A common question among users is "Will a security camera work behind glass?"
The answer to that is not that simple and there's a lot of things to consider.
Sure, you can install a security camera behind glass or a window and you won't note so much difference during the day. But at night everything is different.
In this article, I explain what are the problems of installing a security camera behind glass and what are the possible solutions and workaround for each case.
The problems with a camera behind glass
OK, let's say you just installed a security camera behind a window.
In the daytime everything is great and you can enjoy your cameras recording people and cars passing by, no problem at this point.
But wait, you still can have some problems in this situation.
It's still necessary to think about factors like dust, glare, and reflection.
Dust and glare
If the window is dirty, the security camera facing it will have a hard time capturing a clear image, don't you think?
Things like that happen especially in situations where you don't have too much control of the environment such as in a skyscraper.
Here's a good example. In the picture below I have a camera at my office facing a dirty window on the 3rd floor because people didn't clean it up this month yet. 🙁
It's also possible to see that the camera is not completely facing the window due to the way the camera housing was designed. (only the upper part touches the glass).
Can you see the camera reflection in the glass?
If you just use the camera like that, later you will realize that the footage is not good enough due to reflections, ghost images, bright areas, etc.
==> The solution for this problem is to use a camera with a different shape that can face the glass. Check this camera model as an example.
The idea is to use a camera that can face the glass...
Here's an example of what you can do with your security camera:
Remove the camera sun shield
Most of the bullet cameras come with a sun shield to protect the camera.
There's a screw to remove it. Just release it.
After removing the sun shield you will be able to install the camera behind the glass facing it correctly as shown in the following picture.
That's a good solution, huh? I've tested here and now I can install the camera behind glass with minimum reflection during the day.
You can find this camera in the US named as Dahua.
Problems with insects
And there's more. You can have insects crawling around your window and sometimes you don't have a way to remove them unless the window cleaner guys come back to work (I'm wondering why they didn't come yet).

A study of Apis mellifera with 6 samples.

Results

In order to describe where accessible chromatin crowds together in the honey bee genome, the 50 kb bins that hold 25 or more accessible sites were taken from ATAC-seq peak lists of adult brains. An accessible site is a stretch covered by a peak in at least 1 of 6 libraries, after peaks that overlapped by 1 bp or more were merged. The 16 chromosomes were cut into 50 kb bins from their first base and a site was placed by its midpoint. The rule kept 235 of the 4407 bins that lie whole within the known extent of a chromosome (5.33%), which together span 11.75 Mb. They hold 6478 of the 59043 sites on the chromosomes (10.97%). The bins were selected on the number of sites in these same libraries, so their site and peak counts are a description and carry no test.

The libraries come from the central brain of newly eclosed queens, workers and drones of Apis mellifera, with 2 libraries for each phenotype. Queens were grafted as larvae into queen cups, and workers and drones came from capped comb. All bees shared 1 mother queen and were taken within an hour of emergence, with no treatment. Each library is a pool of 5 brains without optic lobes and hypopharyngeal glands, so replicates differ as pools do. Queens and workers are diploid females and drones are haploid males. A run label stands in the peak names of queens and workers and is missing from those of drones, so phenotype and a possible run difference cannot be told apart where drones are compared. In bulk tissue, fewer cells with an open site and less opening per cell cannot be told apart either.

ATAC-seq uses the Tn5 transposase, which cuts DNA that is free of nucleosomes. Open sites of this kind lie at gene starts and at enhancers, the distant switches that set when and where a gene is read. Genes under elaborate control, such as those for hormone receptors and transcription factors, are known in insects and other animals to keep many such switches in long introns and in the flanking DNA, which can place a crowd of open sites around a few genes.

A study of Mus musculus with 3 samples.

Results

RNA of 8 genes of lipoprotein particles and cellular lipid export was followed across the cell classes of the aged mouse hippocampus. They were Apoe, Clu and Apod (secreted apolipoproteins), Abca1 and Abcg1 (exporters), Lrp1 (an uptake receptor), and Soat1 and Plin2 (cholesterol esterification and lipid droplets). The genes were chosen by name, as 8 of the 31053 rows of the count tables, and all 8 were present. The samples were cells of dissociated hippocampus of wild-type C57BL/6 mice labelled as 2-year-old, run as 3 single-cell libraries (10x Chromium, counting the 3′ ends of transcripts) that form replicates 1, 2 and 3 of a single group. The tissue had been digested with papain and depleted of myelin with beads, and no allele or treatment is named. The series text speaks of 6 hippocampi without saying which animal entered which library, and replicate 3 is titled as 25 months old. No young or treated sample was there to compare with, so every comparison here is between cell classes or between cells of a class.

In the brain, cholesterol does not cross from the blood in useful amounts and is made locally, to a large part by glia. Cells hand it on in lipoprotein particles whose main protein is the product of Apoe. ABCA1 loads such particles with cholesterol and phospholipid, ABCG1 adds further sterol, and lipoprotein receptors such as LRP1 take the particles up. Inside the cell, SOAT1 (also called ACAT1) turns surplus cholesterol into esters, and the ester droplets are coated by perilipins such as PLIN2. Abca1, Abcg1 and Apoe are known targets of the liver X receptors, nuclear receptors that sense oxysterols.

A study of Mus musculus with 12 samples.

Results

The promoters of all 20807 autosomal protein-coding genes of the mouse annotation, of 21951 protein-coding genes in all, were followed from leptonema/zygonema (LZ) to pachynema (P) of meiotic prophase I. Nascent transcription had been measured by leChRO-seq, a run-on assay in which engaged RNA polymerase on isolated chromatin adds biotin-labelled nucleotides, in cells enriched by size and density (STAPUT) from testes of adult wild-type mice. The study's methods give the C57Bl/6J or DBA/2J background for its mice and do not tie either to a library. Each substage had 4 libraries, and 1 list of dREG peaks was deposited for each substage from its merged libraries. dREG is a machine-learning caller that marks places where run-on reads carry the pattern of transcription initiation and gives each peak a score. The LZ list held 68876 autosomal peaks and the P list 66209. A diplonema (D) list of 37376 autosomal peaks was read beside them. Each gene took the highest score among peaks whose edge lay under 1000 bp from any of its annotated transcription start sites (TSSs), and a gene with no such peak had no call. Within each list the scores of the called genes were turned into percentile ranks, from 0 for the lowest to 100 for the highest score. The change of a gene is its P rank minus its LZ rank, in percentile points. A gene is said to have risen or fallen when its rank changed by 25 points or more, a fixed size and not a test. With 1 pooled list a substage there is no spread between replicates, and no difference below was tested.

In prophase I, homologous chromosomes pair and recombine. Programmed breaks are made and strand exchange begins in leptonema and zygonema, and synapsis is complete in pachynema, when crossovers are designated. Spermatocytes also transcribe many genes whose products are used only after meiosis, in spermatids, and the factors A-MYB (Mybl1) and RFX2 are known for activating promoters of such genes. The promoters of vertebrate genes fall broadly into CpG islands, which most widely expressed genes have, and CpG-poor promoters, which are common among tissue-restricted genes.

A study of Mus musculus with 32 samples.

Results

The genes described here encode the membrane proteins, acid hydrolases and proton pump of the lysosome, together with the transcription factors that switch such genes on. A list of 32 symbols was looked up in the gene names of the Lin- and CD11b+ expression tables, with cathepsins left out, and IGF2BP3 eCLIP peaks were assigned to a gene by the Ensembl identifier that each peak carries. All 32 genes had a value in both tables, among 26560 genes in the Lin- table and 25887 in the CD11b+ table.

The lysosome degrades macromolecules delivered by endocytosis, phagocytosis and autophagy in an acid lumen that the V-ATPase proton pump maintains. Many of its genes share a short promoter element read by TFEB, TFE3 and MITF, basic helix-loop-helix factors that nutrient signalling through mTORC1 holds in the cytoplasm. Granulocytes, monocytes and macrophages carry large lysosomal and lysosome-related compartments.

==> In this case just clean the windows and remove the insects 😉
Problems with motion detection
Depending on the security camera you are using there will be a problem with the motion detection feature if it's installed behind glass or window.
The PIR sensors (pretty popular on the Reolink cameras) don't work correctly in this situation and you can get disappointed with the results.
In this scenario would be much better using a traditional security camera that detects motion by comparing the movements in the scene frame by frame using a technology based on image pixels.
Here's a security camera that works with such technology.
Different types of cameras work with picture (pixel) based motion detection but I consider this brand (Hikvision) as a good one in terms of good products at reasonable prices. It worth the try.
Can night vision cameras see-through glass?
At first, the camera can have a lot of problems related to Infrared light reflection. So it's not recommended to install a security camera behind glass or window.
A night vision camera comes with its LEDs adjusted to work with the acrylic dome or the glass that protects the camera.
This configuration comes from the factory and it's designed to work correctly for such a situation, so you can't add an extra layer of glass in front of the camera and hope that it will work.
The picture shows an example of a bullet camera with the LEDs facing the glass.
If you look closely, you'll be able to see that the LEDs are facing the glass and that there's a piece of rubber around the center of the lens.
This technique is used to avoid the IR light reflection back to the lens.
The same principle applies to a dome camera and the rubber protects the camera lens from the light reflection as shown in the picture below.
In this picture, I'm pointing to the rubber that protects the lens.
Less talk about some options to have a night camera behind glass.
Using a suction cup mount
You can use a security camera that is ready to work with infrared illumination and install it outside the window with special support that can hold to the window frame or with a suction cup. Either way, it works.
Let's see how to use a suction cup mount to install your camera behind glass.
Well, in this case, it will be in front of the glass, but I guess you got the idea 🙂
For this type of installation, you need a good suction cup mount just like the model from Delkin I'm using in the picture below.
As you can see, I have a professional bullet security camera that comes with a threat for installation. You need to use one like this or an extra adapter to hold your camera in place, either way, it's possible to install the camera outdoors.
Take a look at the following picture to see how the camera was installed.
Nice installation, huh?
Now, there's no problem with glass reflection and things like that.
There are different ways to solve the problems of a security camera behind glass.
You just need to follow the guidelines presented in this article.
It's also possible to disable the IR to avoid problems at nighttime.
I hope this article can help you. Please share it with your friends.